That’s the well-justified boast of Metcalfe card construction kits and materials — and Pete Kelly revisits their Bell Busk premises to catch up on what’s been happening recently.
Virtually every railway modeller in N or OO/HO gauge will be familiar with the bright apple green packaging of Metcalfe Models’ ever-expanding range of railway, industrial and town and country buildings, along with the all-important bridges, walls, building materials and mini kits.
So much has happened in the world of card building kits since I last visited the family firm in the quiet hamlet of Bell Busk, North Yorkshire, right in the shadow of the embankment carrying the Leeds to Morecambe line between Gargrave and Hellifield, that a follow-up was essential – and the opportunity to meet up once again with Nick Metcalfe, who started the firm with his wife Judy 27 years ago, finally arose on Wednesday, October 3.
After showing me the latest kits, including a superb two-bay goods shed to match the highly successful range of Settle & Carlisle railway buildings, and some welcome new modern structures for the growing ranks of modern-image railway modellers, Nick took me on a whirlwind tour of the premises, starting in the design office and finishing in the distribution warehouse from which a quarter of a million kits go out each year.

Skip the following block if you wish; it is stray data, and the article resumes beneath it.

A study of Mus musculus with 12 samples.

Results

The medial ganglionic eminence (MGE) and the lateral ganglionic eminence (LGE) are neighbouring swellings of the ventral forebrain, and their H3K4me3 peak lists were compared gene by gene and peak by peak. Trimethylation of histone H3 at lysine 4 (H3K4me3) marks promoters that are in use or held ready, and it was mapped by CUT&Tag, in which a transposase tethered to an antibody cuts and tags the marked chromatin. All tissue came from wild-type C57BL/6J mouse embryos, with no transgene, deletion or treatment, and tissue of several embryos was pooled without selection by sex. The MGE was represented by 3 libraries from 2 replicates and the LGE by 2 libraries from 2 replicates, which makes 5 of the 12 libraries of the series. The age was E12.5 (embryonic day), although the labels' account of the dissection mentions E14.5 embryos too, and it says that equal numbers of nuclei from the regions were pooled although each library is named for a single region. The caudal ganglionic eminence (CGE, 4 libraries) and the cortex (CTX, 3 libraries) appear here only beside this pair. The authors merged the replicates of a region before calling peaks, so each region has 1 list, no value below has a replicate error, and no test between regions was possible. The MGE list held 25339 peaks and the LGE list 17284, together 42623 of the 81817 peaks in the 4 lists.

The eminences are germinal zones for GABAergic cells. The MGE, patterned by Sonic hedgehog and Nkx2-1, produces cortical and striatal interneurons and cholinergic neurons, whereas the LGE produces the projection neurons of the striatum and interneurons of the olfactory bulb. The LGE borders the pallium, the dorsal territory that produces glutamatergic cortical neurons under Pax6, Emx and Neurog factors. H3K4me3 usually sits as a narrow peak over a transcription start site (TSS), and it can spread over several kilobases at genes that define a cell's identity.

It all began many years ago in a village school in the Yorkshire Dales where Nick’s teacher, Miss Marjory Roberts, quickly recognised his ability to make virtually anything from paper or card, and christened him the ‘Cardboard King’.
She was an excellent judge of character, for in time that little school would be modelled faithfully as the still-available Metcalfe OO/HO-scale kit No PO 253, along with N-scale version No PN153.
Raised on his grandfather’s farm until the age of 14, Nick served a five-year apprenticeship with a local printing firm after deciding against a life on the land. He loved the work, which complemented his keen interest in architecture, and the two finally merged when his first cardboard cut-out venture began as a kitchen table experiment in 1991.
For the full article and to view more images, see the November edition of Modelling – available now!